Hell yes, I was surprised. Not because I don’t think he deserved it, but because, like just about everyone else in Alabama, I’ve grown used to seeing the powerful and the corrupt skate away from punishment over and over.
But not this time.
Speaker of the House Mike Hubbard’s conviction last week on 12 of the 23 charges against him was a spectacular upset akin to Mohammed Ali’s takedown of the seemingly unbeatable George Foreman. Again, not because Hubbard didn’t seem like the money-grubbing schemer prosecutor Matt Hart proved him to be, but because the Alabama countryside is lined with pork-barrel politicians who did laugh all the way to the bank.
It was shocking because we in this state have a sick compulsion, much like a woman who dates guys who are in and out of trouble with the law. We love the bad boys, and a lot of people openly express admiration for those pols who “get theirs” while in office. Maybe it’s because as a state we’re kind of religiously repressed and like watching folks dance on the edge of the Lake of Fire. Or maybe we’re just kind of dumb about tossing out obvious grifters. #richardshelbyforsenate2022
We’ve all seen enough to know Alabama juries aren’t particularly tough on those very few deserving candidates who actually end up on the wrong end of a criminal indictment, so I doubt many had our hopes up in this case. Everyone I know who is politically “connected” or pays much attention was predicting Hubbard would Moonwalk out of the courtroom with not a single conviction. Many thought jurors and witnesses would be bribed, or the government’s prosecutor would be just plain outfoxed.
So does this mean we should all have hope again? Can we check our cynicism at the door as the Luv Guv and Roy Moore stare into the abyss? Are crooked politicians shaking in their boots? Can I work more clichés into this paragraph? Only time will tell.
There are some definite takeaways from Hubbard’s conviction, and certainly it is a positive development for those who believe public service shouldn’t be all about stuffing as much in your pockets as possible. But it also reinforced some sad perceptions of what happens in Montgomery.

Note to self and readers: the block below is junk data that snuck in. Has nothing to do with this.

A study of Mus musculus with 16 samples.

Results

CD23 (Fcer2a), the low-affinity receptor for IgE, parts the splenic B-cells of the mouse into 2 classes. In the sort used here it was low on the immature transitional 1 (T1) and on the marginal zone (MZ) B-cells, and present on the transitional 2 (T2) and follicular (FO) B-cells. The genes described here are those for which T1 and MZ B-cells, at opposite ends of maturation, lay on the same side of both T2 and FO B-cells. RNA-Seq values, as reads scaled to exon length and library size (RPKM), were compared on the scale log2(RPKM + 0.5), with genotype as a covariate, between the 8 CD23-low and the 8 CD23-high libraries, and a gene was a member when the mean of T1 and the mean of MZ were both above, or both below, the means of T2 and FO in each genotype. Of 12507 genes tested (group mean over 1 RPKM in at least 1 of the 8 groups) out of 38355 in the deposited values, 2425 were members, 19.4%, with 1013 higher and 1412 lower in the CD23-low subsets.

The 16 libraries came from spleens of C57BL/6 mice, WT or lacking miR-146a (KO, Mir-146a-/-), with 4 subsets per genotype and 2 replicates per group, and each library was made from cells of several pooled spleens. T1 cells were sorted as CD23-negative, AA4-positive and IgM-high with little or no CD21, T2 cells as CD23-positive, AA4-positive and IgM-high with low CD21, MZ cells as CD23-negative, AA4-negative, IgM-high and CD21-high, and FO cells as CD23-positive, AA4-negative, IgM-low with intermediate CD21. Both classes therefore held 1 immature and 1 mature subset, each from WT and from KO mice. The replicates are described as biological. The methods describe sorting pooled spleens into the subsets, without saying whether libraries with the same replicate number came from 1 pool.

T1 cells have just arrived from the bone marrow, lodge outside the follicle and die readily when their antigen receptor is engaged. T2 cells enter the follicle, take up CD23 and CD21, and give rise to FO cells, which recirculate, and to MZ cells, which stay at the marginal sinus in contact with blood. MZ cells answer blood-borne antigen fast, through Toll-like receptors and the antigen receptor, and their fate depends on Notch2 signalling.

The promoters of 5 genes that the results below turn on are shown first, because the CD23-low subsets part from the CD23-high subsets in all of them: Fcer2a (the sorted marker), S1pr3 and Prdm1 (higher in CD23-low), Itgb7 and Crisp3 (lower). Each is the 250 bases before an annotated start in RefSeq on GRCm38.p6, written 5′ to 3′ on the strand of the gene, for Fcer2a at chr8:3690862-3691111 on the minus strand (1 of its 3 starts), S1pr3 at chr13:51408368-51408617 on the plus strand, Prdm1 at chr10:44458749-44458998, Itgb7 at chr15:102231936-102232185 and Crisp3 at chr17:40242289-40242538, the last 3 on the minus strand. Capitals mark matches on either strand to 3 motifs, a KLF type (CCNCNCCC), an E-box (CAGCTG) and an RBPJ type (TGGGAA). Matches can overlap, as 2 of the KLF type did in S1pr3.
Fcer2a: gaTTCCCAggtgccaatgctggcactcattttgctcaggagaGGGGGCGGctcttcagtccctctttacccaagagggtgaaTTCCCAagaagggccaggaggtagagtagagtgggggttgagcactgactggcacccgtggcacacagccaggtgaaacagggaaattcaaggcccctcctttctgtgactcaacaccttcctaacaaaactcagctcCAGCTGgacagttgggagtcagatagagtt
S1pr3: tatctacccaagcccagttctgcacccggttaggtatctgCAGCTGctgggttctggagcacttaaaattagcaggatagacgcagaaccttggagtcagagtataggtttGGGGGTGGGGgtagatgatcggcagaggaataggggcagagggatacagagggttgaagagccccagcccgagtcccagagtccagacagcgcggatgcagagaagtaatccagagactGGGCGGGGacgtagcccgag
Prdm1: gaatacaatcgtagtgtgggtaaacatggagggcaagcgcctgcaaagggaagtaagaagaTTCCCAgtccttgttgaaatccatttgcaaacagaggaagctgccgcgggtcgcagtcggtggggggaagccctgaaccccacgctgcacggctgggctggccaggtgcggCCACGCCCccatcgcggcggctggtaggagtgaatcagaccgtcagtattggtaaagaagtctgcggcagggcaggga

• The first thing that struck me is just how important it is that the officials in our state tasked with enforcing the law do exactly that. What do I mean? I mean that over the past many years the state’s Attorney General and district attorneys around the state have been pretty lax when it comes to cracking down on political corruption. They seem to leave that to the feds, and that strategy is one of the reasons so many attempts to take a political scalp in Alabama fall short.
Defense attorneys all over the state know waving their hands in the air and railing against “the long arm of the federal government” resonates with Alabama juries like Bear Bryant and NASCAR. In Hubbard’s case, even though AG Big Luther Strange recused himself, his prosecutor did an outstanding job. I don’t think it hurt that Hart is “one of us.”
The AG’s office under Strange has been incredibly weak when it comes to going after big political game. Hopefully this will encourage them. Who knows, maybe they’ll even go after some of the big-shot businessmen and lobbyists who appear to have conspired with Hubbard to get what they want. I’m not holding my breath, but maybe, just maybe.
• Bob Riley and his family are far slimier than we might have suspected when he was governor.
Although jurors let the “friend loophole” in the state ethics law apply to the former governor, it’s almost impossible to read his testimony and not come away thinking he worked Hubbard for every advantage possible. Riley’s emails and testimony show he was more than willing to help make sure the speaker’s cup runneth over while working as a big-time lobbyist with business before the Legislature.
It’s hard to see a giant difference between Richard Scrushy and Bob Riley, except Riley pulled strings to make sure Hubbard was personally enriched. And Scrushy went to jail. The trial was quite an eye-opener about the popular ex-gov. I hope someone in the AG’s office is thinking long and hard about Riley and the other big shots who helped their good “friend” get a prison number.
• People in government say this proves how tough Alabama’s ethics laws are, but I’d still say there’s room for improvement. The “friendship loophole” needs to be tightened up to make sure the next time there’s a trial like this every witness isn’t wearing a friendship bracelet. The spirit of that clause is so people who are really friends can still do things together — not so your newfound political cronies can help dump hundreds of thousands into your pocket once you become useful.
• A positive for the Mobile area is Hubbard’s departure means Speaker Pro Tempore Victor Gaston ascends to the speaker’s chair, for the time being at least. Gaston seems like the antithesis of Hubbard — a calm, likable guy with a good sense of humor who’s never had a whiff of scandal around him. If he’s not the first speaker from the Azalea City, he’s one of only a few, which might be good for this area considering most of the Legislature treats anything south of the Dolly Parton Bridge like a separate country.
We’ll have to wait to see if Gaston will keep the throne once House Republicans get together again. He’ll definitely face opposition for the speaker’s gavel. In light of what we’ve had, though, Gaston seems like a great choice to bring some integrity and thoughtfulness to the job.
• Perhaps the greatest thing about Hubbard’s conviction is this: it will give Gov. Robert Bentley a perfect person to consult about his massive prison reform efforts. And who knows, maybe they’ll even end up being roomies in a few months.